New Maryland Laws Establish New Certificate Forms, RON

Maryland makes substantial changes to the state's Notary laws — from introducing new certificate forms to authorizing remote online notarization. Most of these new changes to state statutes are in effect now, but a follow-up bill (Senate Bill 636) gives the Secretary of State until October 1, 2021, to implement the education and exam requirements.

Notary Law Changes in Effect Now

Senate Bill 678 enacted provisions of the Revised Uniform Law on Notarial Acts (RULONA), which took effect on October 1, 2020. The bill introduces Notary certificate requirements, authorizes RON, defines satisfactory evidence of identity and revises the Notary application process.

New Maryland Certificates

Notaries are now required to complete a notarial certificate for every act they perform. This was not always the case in the past, as the old law allowed Notaries to merely "stamp and sign" a document requiring the notarial act of signature witnessing.

Now, the new law prescribes several new short form certificates for all authorized notarial acts, including the act of signature witnessing. Notaries can find the new notarial certificates on the Maryland Secretary of State website. The NNA provides the new forms for free to NNA members and printed certificate pads are available for purchase.

Authorization of Remote Online Notarization

Maryland authorizes the use of communication technology to notarize documents for remotely located individuals who do not physically appear before the Notary as long as the Notary is physically located within the state. Before Notaries can perform remote online notarizations, they must first notify the Secretary of State of their intent to perform such services as well as identify the technology they plan to use. Notaries are required to create and maintain a journal record and an audio-visual recording of all remote notarial acts.

Satisfactory Evidence of Identity Defined

The new law also provides clearer standards for identifying document signers by personal knowledge or satisfactory evidence. The new law defines personal knowledge to mean: "The individual is personally known to the notarial officer through dealings sufficient to provide reasonable certainty that the individual has the identity claimed."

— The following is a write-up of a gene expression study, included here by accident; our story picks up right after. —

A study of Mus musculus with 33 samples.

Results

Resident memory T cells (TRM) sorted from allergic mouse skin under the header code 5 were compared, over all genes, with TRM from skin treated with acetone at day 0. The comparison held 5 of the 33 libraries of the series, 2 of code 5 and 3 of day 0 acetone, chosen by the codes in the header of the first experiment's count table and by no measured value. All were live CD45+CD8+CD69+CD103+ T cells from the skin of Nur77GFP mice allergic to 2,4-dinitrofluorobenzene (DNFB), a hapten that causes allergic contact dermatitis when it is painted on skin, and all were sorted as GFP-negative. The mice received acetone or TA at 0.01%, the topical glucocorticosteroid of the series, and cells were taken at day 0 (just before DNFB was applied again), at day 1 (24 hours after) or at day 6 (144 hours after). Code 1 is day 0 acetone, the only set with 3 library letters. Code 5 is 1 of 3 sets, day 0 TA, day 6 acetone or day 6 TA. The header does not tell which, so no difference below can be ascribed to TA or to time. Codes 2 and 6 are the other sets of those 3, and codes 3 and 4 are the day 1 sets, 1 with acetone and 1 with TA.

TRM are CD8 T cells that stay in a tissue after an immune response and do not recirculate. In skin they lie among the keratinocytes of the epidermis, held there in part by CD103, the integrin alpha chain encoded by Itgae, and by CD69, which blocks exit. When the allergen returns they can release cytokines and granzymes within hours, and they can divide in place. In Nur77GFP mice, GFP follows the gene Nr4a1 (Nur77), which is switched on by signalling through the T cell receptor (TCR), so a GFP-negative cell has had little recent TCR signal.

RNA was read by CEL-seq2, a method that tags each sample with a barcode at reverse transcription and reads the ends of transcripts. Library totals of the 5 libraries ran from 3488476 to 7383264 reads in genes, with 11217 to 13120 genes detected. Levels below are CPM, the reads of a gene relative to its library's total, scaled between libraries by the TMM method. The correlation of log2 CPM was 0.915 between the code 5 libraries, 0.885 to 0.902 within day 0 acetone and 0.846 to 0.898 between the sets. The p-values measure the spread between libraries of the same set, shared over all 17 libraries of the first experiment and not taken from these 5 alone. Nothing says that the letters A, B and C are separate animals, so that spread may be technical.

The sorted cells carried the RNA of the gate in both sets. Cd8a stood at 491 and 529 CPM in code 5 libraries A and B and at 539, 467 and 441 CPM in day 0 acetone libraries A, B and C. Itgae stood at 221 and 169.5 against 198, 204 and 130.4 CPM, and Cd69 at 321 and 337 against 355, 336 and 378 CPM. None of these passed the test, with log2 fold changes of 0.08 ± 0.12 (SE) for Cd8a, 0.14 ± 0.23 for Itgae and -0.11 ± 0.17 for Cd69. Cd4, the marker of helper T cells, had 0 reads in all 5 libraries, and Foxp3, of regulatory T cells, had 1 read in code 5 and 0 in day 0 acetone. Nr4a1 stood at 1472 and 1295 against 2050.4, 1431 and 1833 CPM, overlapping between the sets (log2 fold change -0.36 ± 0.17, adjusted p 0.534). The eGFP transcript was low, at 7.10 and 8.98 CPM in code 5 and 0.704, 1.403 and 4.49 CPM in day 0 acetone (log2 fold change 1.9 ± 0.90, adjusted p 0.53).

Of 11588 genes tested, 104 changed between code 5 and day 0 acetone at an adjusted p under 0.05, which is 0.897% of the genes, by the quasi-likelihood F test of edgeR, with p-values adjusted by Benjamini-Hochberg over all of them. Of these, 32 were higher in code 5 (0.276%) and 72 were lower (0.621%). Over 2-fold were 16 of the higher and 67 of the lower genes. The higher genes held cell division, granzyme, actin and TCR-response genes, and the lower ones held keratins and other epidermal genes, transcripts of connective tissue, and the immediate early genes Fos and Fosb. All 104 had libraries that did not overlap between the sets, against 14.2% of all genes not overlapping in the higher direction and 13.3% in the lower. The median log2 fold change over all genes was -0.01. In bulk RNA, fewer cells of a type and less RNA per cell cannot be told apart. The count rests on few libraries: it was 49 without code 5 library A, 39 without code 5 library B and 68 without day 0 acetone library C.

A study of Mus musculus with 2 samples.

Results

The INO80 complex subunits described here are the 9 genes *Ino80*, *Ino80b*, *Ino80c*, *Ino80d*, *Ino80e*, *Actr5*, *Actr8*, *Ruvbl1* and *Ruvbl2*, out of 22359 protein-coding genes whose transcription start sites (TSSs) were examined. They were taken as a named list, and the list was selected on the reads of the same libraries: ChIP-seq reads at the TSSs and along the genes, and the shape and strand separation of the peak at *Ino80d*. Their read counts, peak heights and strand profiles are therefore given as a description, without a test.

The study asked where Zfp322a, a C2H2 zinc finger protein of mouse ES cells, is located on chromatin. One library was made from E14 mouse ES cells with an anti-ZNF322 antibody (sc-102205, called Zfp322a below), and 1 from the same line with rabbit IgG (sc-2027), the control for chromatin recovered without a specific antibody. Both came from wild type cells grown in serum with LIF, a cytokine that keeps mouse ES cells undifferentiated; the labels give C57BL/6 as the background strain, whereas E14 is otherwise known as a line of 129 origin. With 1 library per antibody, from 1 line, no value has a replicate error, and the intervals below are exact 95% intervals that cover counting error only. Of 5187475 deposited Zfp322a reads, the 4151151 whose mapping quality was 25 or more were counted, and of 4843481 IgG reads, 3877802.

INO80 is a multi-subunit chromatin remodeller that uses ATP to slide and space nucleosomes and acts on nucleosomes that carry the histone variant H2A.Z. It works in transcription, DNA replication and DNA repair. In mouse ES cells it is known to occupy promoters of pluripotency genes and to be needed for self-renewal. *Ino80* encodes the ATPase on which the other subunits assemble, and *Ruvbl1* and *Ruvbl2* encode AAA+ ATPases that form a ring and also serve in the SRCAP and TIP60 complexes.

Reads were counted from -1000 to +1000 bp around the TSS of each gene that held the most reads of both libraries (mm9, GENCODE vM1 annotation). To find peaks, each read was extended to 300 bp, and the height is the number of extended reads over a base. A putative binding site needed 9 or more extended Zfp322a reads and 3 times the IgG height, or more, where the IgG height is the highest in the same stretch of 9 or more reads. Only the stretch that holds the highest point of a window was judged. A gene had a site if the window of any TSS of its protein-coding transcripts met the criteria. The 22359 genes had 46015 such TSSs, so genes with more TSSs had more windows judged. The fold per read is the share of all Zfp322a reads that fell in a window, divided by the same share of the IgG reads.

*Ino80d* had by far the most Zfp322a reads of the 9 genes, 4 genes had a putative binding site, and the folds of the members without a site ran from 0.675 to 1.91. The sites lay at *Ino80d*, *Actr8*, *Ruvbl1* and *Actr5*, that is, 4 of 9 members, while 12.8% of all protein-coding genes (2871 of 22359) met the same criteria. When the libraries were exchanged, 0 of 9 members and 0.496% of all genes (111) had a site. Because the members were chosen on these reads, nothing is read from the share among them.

In addition, the law defines two forms of satisfactory evidence of identity.

The first form is to present a written form of identification, either a passport, driver's license, consular ID, government-issued non-driver ID card or another form of government ID issued to the individual. The ID must be current and unexpired, contain the signature and photo of the signer, and be satisfactory to the Notary.

The second form of satisfactory evidence is a verification on oath or affirmation of a credible witness who personally appears before the Notary and either is known to the Notary or whom the Notary can identify on the basis of a passport, driver's license, consular ID or government-issued non-driver ID card.

Notary Commission Application Changes

SB 678 makes changes to the qualifications for a Notary commission. An applicant no longer must be a citizen or permanent legal resident of the U.S. but must either be a resident of Maryland or have a place of employment or practice in Maryland. The major change, however, is a new mandatory education course required for all first-time and renewing applicants. First-time Notary applicants are also required to pass an exam.

Changes Coming Soon

The Secretary of State will provide details for the required training and exam in the coming year. Senate Bill 636 gives the Secretary until October 1, 2021, to prepare for the implementation of both requirements. The course of study and exam will cover the laws, regulations, procedures and ethics relevant to notarial acts.

Visit the NNA Law Updates Database to learn more about Senate Bill 678 and Senate Bill 636.

Rachel Fraser is the Content Marketing Specialist at the National Notary Association.